CRUK calls for action on obesity

Today Cancer Research UK calls for government intervention on obesity as it rivals smoking as a cause of cancer. Whilst smoking is still the biggest cause of cancer, CRUK has warned that obesity is a significant factor in 13 different types of cancer.

RCSEd is a member of the Obesity Health Alliance (OHA), a coalition of over 40 organisations committed to influencing health policy to combat obesity. Caroline Cerny of the Obesity Health Alliance, responded: “The causes of obesity are complex, but we know that the environment we live in plays a huge role, and currently this is heavily skewed towards unhealthy options. This is why we need the government to push on with plans to bring in a 9pm watershed on junk food adverts on TV and online, reduce the amount of unhealthy food promoted in supermarkets, and take sugar out of everyday food and drinks.”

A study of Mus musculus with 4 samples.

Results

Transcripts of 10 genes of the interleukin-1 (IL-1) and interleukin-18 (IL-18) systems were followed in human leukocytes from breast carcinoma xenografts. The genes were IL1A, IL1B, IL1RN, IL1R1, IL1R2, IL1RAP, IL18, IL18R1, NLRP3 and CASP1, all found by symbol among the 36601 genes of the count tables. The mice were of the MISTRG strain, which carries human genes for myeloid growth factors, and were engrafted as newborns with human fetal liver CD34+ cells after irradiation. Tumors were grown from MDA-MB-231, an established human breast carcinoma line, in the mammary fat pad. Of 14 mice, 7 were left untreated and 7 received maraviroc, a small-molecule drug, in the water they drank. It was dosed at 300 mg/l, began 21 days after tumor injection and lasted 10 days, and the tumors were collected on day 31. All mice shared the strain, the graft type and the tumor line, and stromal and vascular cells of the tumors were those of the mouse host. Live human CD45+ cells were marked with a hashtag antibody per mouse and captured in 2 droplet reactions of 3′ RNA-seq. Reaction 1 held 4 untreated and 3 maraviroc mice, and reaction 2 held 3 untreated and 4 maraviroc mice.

RCSEd response to Boris Johnson’s promise to review “sin taxes”

Conservative Party leadership candidate and potential future UK Prime Minister Boris Johnson has announced he would like to halt the introduction of new so called “sin taxes” and launch a review into their use.

In response RCSEd President, Professor Mike Griffin, said:

“RCSEd, as a member of the Obesity Health Alliance, is fully supportive of the Soft Drinks Industry Levy introduced in April 2018.  Faster progress is needed to reach the government’s target of halving childhood obesity by 2030, and taxation is one of the tools available to the Government to reduce the consumption of foods high in salt, fat and sugar.

Additionally, obesity continues to be a key priority for the public with recent polling highlighting that 76% of British adults are supportive of government action to reduce levels of childhood obesity. The Government has shown it has real ambition to tackle obesity and we urge both Conservative leadership candidates to ensure that achieving the Government’s target of tackling childhood obesity by 2030 remains a key priority.”